This guide highlights some of the fundamental duties of a director.
Key duties of a Director
- Duty to act within powers
You must act in accordance with the company’s constitution, and only exercise your powers for the purposes for which they were given.
The company’s constitution includes the company’s articles of association together with any resolutions and agreements affecting the company’s constitution, such as a shareholders agreement.
- Duty to promote the success of the Company
You must act in the way you consider, in good faith, would be most likely to promote the success of the company for the benefit of its members as a whole.
In considering the success of the company and whether it is appropriate to take a particular course of action, the director should regard, among other matters, the following factors:
- the likely consequences of any decision in the long term;
- the interests of the company’s employees;
- the need to foster the company’s business relationships with suppliers, customers and others;
- the impact of the company’s operations on the community and environment;
- the desirability of the company maintaining a reputation for high standards of business conduct; and
- the need to act fairly as between members of the company.
This duty applies to all decisions made by a director.
- Duty to exercise independent judgment
You must exercise independent judgment and make your own decisions, without subordinating you powers to the will of others.
This does not prevent you from acting in accordance with the company’s constitution or an agreement which the company has entered into. This also does not prevent you from relying on any advice obtained or given to you, providing that you exercise your own judgement in deciding whether or not to follow that advice.
- Duty to exercise reasonable care, skill and diligence
You must exercise the same care, skill and diligence that would be exercised by a reasonably diligent person with:
- the general knowledge, skill and experience that may reasonably be expected of a person carrying out the same functions as you in relation to the company; and
- the general knowledge, skill and experience that you actually possess.
Where a director has specialist knowledge, skill or experience, a higher standard will apply.
To exercise your powers diligently, you must keep yourself informed about the company’s affairs.
- Duty to avoid conflicts of interest
You must avoid a situation in which you have, or could have, an interest that conflicts, or may conflict, with the interests of the company. This applies in particular to the exploitation of any property, information or opportunity, regardless of whether the company could take advantage of it.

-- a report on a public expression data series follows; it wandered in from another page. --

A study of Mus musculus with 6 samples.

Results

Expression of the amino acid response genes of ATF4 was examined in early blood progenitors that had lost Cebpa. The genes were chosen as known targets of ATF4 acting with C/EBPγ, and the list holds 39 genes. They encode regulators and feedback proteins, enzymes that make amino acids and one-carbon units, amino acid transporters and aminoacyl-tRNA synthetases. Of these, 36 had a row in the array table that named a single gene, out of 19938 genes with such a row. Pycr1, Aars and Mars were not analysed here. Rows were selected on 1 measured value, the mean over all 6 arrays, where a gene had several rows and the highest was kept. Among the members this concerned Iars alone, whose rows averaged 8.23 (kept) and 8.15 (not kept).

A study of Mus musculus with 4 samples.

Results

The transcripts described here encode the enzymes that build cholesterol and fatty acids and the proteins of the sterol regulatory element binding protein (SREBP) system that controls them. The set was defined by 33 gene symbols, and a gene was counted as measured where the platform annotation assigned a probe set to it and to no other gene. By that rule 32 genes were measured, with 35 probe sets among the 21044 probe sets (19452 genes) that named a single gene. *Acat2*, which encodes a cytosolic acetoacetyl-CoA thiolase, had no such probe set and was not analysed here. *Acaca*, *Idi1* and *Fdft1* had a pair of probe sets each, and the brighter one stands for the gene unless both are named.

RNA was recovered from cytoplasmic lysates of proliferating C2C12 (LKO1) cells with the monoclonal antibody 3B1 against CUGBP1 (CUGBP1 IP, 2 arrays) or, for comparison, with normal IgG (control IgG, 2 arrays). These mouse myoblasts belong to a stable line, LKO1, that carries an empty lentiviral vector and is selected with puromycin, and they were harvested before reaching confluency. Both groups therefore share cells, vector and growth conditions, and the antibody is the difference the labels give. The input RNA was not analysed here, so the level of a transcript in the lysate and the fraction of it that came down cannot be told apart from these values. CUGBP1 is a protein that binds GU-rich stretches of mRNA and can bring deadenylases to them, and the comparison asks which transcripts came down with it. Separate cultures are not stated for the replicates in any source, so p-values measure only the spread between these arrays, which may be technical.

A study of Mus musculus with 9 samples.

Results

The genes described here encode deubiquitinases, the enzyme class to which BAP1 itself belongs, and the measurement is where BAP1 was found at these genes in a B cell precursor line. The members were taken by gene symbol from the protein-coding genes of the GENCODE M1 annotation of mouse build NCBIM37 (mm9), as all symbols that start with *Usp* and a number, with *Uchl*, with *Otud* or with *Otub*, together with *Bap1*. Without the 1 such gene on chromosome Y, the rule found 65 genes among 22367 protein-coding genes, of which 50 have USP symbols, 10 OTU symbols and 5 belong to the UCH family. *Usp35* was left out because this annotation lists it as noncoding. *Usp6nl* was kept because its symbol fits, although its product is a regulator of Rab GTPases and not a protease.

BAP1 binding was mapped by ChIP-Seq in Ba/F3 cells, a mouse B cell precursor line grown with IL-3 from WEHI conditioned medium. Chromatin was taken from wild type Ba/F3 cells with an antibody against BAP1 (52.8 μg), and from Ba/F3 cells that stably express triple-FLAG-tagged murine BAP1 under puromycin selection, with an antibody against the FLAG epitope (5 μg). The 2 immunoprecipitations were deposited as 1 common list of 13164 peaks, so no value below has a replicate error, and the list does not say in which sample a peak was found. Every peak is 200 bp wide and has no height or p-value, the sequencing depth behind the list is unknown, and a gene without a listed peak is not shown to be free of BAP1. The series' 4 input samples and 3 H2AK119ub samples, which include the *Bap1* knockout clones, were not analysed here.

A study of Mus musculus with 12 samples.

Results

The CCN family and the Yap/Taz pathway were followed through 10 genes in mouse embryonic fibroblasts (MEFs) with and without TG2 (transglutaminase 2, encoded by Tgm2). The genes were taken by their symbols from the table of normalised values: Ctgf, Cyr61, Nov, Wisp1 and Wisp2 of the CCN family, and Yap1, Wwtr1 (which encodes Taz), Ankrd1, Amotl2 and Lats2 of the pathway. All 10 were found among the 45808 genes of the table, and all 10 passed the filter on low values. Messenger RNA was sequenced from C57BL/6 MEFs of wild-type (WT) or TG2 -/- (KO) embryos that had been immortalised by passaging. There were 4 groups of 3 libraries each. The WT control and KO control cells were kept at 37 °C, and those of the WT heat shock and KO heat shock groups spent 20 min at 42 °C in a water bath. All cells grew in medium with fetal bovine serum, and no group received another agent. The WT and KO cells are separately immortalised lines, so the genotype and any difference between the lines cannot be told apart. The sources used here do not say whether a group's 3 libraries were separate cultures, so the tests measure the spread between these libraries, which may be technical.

This duty is not infringed if:
- the situation cannot reasonably be regarded as likely to give rise to a conflict of interest; and
- the other directors who are genuinely independent have authorised the situation in accordance with the company’s constitution.
The duty to avoid conflicts of interest will continue to apply after you cease to be a director in relation to the exploitation of any property, information or opportunity of which you became aware of while you were a director.
- Duty not to accept benefits from third parties
You must not accept a benefit from a third party given because you are a director or because you do or do not do anything as a director.
This duty is not infringed if your acceptance cannot reasonably be regarded as likely to give rise to a conflict of interest.
- Duty to declare interested in proposed transaction/ arrangement
If you are in any way, directly or indirectly, interested in a proposed transaction or arrangement with the company, you must declare the nature and extent of that interest to the other directors. In the case of a proposed transaction you must do this before it is entered into. In the case of an existing transaction you must do this as soon as reasonably practicable.
However, such declaration is not required if:
- you are not aware of the interest and the interest is not a matter that you ought to have reasonably been aware of;
- your interest in the transaction cannot reasonably be regarded as likely to give rise to a conflict of interest; or
- if you are the sole director of the company.
Consequences of breaching a duty
The duties imposed on directors by the CA are mandatory duties that all directors of private limited companies need to abide by, and such duties can be enforced by the company.
A company could seek an injunction against you and claim damages or compensation. Moreover, if you fail to disclose an interest in an existing transaction, you could also face the risk of a criminal fine.
The company may even see this as grounds to terminate your service contract, make a claim against you for unfair prejudice, seek to have you disqualified as a company director or pursue you for potential breach of contract.
Relief for breaches of duties
If you believe you may have breached a director’s duty, you may be able to seek relief for your breach by way of the following options:
- have the breach ratified (forgiven) by the company;
- seek relief from the court on the basis that you acted honestly and reasonably and show that that having regard to all the circumstances of the case, you ought to be fairly excused;
- the company may indemnify you for any costs incurred in defending a claim for a breach of duty, if you are successful in that claim; or
- the company has insurance for the benefit of its directors which would cover the cost of the breach.